Deduction through Documentation: Supporting your Status as a Real Estate Professional

Think you can take losses from a rental property? Think again! Under Internal Revenue Code Section 469, losses from a rental activity are considered passive, which can be offset only against other passive income, and cannot be used to offset income such as wages or investment income. You may not necessarily be out of luck, though, when it comes to deducting rental losses. Section 469(c)(7) allows taxpayers who qualify as real estate professionals to treat their rental activities as an active trade or business, which generally allows them to deduct those losses.

According to Section 469(c)(7)(B), a taxpayer is considered a real estate professional by satisfying two tests:

  1. More than one-half of the personal services performed in trades or businesses by the taxpayer during the tax year are performed in real property trades or businesses in which the taxpayer materially participates, and
  2. The taxpayer performs more than 750 hours of services during the tax year in real property trades or businesses in which the taxpayer materially participates.

Taxpayers may elect to group multiple activities together into a single activity in order to meet the hour requirement.

One often-overlooked step is a taxpayer’s documentation of how the hours requirement was met. Under an IRS audit you may be required to provide a log or calendar of your daily work, including who you met with, where you went, what you did on the property, etc. In some cases, the IRS may accept a summary of a normal month of activity.

If you do not contemporaneously keep a log or calendar, recreating it could be problematic for you, and potentially cause you to lose the favorable real estate professional designation. Why? Because you not only need to qualify, you need to be able to prove that you qualified. In a recent case, Pourmirzaie v Commissioner (TC Memo 2018-26), recreating a calendar from memory ended up creating more questions than answers and the taxpayer’s argument collapsed under IRS scrutiny. The taxpayer created a calendar that showed work on specific properties for a week in September in California, but the IRS went as far as checking their bank statement for that week and discovered purchases being made in Philadelphia during the same time frame, rendering the recreated calendar nearly useless.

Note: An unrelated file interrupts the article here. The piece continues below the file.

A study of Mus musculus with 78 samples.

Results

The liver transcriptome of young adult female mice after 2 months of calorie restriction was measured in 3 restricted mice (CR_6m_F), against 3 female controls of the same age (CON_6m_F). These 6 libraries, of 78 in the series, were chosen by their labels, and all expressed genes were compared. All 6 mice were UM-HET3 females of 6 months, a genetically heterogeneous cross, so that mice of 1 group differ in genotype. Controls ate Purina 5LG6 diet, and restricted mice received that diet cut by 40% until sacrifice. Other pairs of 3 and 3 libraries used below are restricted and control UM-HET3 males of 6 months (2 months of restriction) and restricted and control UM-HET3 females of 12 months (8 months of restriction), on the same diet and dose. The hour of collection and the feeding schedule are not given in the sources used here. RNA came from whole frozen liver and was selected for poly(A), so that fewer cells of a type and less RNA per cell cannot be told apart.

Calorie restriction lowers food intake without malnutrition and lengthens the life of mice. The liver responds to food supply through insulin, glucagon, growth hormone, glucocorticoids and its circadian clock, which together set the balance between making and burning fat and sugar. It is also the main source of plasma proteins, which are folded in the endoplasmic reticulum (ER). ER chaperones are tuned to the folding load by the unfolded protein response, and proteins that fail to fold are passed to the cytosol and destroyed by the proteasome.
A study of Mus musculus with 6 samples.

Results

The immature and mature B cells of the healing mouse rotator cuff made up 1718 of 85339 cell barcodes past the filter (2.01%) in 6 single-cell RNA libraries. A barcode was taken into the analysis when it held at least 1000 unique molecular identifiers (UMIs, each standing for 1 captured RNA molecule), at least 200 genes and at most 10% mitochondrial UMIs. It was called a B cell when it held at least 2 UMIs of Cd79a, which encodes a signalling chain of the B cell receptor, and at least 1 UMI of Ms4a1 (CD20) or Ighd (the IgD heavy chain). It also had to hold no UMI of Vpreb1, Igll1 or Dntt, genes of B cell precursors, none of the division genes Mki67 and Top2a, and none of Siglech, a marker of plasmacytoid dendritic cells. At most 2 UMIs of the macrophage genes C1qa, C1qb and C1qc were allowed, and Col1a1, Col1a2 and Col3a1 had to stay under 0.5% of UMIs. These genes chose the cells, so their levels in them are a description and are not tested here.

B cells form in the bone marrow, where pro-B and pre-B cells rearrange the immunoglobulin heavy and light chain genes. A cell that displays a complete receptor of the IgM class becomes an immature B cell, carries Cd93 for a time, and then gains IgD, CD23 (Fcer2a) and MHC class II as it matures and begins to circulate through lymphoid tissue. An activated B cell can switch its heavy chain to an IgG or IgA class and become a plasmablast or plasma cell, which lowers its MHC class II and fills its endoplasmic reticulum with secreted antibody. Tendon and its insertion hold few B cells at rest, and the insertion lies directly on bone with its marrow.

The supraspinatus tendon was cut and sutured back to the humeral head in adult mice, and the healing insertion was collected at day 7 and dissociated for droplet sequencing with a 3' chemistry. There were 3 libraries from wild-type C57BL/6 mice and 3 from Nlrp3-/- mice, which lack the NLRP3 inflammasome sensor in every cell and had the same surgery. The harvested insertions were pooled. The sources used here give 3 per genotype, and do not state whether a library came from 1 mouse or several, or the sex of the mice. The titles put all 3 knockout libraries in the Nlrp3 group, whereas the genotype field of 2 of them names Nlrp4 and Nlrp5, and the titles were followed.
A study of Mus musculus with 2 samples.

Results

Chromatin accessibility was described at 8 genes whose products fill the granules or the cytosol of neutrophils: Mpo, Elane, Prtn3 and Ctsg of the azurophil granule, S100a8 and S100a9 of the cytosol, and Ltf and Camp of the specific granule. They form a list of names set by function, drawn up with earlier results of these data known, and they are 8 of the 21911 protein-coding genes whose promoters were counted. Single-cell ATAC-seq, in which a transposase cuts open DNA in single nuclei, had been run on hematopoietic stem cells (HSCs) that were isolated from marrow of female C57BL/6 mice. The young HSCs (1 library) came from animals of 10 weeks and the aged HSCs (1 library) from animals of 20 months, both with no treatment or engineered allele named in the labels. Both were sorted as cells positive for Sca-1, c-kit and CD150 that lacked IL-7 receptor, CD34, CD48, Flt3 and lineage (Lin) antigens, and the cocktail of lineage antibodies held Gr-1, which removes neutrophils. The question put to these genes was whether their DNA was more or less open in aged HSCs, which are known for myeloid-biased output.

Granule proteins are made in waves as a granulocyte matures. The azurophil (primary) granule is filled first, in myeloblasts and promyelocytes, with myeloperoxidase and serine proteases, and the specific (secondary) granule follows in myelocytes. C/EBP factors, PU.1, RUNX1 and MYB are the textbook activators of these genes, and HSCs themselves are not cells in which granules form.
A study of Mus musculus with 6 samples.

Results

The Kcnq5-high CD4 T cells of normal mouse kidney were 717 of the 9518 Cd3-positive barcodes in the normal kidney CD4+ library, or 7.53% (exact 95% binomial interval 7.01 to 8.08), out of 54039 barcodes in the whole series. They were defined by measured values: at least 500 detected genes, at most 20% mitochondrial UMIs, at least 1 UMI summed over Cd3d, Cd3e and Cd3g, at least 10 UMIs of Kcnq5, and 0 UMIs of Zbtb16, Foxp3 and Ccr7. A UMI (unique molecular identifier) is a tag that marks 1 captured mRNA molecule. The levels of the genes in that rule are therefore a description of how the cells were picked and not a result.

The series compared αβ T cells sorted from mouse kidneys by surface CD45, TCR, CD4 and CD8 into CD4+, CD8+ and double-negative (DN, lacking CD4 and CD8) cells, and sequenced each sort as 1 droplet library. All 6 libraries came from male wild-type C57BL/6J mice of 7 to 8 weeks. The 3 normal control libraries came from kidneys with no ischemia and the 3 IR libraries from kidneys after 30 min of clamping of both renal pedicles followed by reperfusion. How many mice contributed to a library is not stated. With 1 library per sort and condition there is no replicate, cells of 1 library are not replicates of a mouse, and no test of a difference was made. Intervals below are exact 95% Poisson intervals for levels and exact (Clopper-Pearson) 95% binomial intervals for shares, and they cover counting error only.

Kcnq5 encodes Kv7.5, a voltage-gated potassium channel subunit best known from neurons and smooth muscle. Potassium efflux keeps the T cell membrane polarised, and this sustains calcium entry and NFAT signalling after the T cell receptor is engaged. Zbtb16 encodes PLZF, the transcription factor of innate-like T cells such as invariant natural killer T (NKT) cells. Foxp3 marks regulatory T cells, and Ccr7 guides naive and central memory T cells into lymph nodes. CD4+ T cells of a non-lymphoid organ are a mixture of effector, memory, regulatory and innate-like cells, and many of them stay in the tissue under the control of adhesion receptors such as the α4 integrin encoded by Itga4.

Recall that part of the two-prong qualification for status as a real estate professional includes a fraction that compares the time you spend in real estate activities to the total time you spend in all business activities. For this reason, the IRS may scrutinize not only your real estate activities, but also your non-real estate activities – especially if you are employed in a non-real estate activity on a full-time basis. Without careful documentation of the number of hours you spend in each category (even as an employee), the IRS could challenge your hours and cause you to fail the real estate professional tests.

Being considered a real estate professional could prove very valuable in reducing your tax burden. Not only will it potentially allow use of more losses, but income may be treated favorably as well. Current guidance is sketchy, but it appears that the income of a real estate professional represents one of the few ways that a new 20% deduction rolled out in December’s Tax Cuts and Jobs Act will apply to rental income. (More details on that may be found in additional BNN articles written in January and August.) However, the only way a legitimate deduction will be sustained is by proving it. Taxpayers should not only meet the tests outlined above, but also consistently and contemporaneously substantiate the time spent on services performed for their activities. That is the key to proving your favorable status to the IRS.

If you have any questions regarding status as a real estate professional, please contact Kristin Redstone or your BNN advisor at 800.244.7444.

Disclaimer of Liability: This publication is intended to provide general information to our clients and friends. It does not constitute accounting, tax, investment, or legal advice; nor is it intended to convey a thorough treatment of the subject matter.